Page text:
Shares in Gap (GPS - Get Report) tumbled Monday after hours after the retailer reported its same-store sales for April and previewed its first-quarter results.

The company said same-store sales were down 7% for the four weeks ended April 30, while comparable sales were down 5% for all of the first quarter, ended April 30. Gap also said net sales or revenue declined to $1.12 billion from $1.21 billion last April. For the entire first quarter, Gap revealed revenue was $3.44 billion, compared with $3.66 billion for the same period in 2015.

The retailer's shares plummeted $2.79, or 12.8%, to $19.02 on Monday evening.

While same-store sales were down for all three banners of Gap, Banana Republic and Old Navy, Gap saw the smallest decline in the first quarter, 3%, while Banana Republic was down 11% and Old Navy was down 6%.

Because of the poor results, Gap said it is weighing options for both the Banana Republic and Old Navy businesses largely outside of the U.S. to focus on the markets with the most potential.

According to a Monday note from Piper Jaffray senior analyst Neely Tamminga, the firm is embracing a "wait-and-see" approach on whether to reconsider its underweight rating, looking in particular at proof of improvement on sell-through and promotions.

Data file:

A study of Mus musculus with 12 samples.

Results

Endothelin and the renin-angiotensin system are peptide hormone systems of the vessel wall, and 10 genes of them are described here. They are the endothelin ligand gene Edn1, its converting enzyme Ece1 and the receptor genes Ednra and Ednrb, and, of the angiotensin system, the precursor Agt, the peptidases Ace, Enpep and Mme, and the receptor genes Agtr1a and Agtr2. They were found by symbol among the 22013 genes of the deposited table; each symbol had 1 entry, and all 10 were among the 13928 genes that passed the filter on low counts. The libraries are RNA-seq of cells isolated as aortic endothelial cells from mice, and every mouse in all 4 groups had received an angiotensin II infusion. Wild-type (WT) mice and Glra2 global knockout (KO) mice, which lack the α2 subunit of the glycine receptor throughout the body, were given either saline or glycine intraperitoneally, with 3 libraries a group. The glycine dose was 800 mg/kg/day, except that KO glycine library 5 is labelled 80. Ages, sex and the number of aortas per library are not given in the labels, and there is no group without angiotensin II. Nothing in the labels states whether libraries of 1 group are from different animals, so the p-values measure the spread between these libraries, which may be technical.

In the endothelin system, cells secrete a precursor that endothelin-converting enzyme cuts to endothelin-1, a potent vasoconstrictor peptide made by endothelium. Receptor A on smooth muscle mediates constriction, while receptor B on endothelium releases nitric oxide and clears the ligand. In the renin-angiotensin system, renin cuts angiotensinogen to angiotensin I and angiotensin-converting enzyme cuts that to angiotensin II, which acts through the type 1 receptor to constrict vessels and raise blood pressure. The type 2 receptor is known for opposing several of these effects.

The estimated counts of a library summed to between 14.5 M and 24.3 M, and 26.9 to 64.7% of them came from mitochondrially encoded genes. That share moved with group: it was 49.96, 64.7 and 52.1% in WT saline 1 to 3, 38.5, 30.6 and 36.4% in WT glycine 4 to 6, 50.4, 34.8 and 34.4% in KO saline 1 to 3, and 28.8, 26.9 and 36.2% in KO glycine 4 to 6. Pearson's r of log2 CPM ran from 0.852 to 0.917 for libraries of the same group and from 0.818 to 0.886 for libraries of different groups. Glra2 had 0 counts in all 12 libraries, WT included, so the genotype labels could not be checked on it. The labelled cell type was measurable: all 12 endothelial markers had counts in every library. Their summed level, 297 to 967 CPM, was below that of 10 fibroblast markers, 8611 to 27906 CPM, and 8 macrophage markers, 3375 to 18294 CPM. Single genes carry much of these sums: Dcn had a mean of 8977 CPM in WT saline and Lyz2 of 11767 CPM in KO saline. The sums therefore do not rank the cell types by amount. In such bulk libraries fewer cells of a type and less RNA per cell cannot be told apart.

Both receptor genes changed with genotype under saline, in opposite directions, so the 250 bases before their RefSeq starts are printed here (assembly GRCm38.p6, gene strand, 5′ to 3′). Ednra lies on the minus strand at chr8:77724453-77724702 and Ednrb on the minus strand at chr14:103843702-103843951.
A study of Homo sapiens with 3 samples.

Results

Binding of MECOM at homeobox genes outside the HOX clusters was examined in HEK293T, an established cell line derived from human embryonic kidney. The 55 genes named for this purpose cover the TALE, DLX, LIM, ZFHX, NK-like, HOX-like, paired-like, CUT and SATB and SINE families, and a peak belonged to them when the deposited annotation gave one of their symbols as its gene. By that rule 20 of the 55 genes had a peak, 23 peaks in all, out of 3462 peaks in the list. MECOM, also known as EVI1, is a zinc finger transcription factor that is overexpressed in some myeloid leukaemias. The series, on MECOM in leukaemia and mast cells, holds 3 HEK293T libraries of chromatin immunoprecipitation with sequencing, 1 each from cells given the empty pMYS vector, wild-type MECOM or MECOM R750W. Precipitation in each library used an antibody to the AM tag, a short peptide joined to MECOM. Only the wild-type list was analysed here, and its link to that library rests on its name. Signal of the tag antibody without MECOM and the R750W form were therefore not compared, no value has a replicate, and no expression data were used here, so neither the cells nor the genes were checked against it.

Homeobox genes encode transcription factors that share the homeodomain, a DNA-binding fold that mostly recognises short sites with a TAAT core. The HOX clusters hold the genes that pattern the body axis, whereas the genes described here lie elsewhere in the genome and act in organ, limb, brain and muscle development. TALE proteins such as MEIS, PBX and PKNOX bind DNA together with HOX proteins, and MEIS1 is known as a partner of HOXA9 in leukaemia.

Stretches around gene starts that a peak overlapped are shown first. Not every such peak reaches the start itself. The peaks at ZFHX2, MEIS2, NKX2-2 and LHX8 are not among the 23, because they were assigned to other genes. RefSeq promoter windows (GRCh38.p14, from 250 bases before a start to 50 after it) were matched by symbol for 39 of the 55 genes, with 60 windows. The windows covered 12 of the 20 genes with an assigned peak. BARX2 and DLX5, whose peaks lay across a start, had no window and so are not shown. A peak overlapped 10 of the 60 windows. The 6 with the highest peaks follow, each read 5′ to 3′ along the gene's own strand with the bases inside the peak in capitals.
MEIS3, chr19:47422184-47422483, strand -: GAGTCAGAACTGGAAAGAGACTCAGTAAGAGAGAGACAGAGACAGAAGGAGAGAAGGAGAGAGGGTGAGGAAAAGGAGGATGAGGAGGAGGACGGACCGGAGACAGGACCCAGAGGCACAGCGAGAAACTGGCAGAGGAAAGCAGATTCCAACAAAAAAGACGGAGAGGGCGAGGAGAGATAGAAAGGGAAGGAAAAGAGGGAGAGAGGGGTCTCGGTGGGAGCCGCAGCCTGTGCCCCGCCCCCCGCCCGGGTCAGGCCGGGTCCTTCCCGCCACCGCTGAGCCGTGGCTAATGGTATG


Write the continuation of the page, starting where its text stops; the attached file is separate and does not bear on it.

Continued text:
The analyst report specifically focused on the retail group's "higher-than-planned inventory levels, which pressured the gross margin rate," while heading into April.

The firm's lowered its price target for Gap, however, to $21 per share from $25, based on an enterprise value that is 5 times estimated Ebitda for fiscal 2017.

Tamminga also noted Gap's management said it expects earnings per share of 31 cents to 32 cents for the first quarter. That's lower than either the firm's previous expectation of 38 cents per share or the consensus estimate of 44 cents per share.

The new numbers, meanwhile, undermine the theory that Gap's performance was stabilizing, although that progress likely would be negated by the poor performance of Old Navy.

The great hope would be for all of Gap's banners to do well simultaneously, though that has proved elusive.

Still, the retailer probably would be happy at this point if just one of its brands finally showed some positive momentum.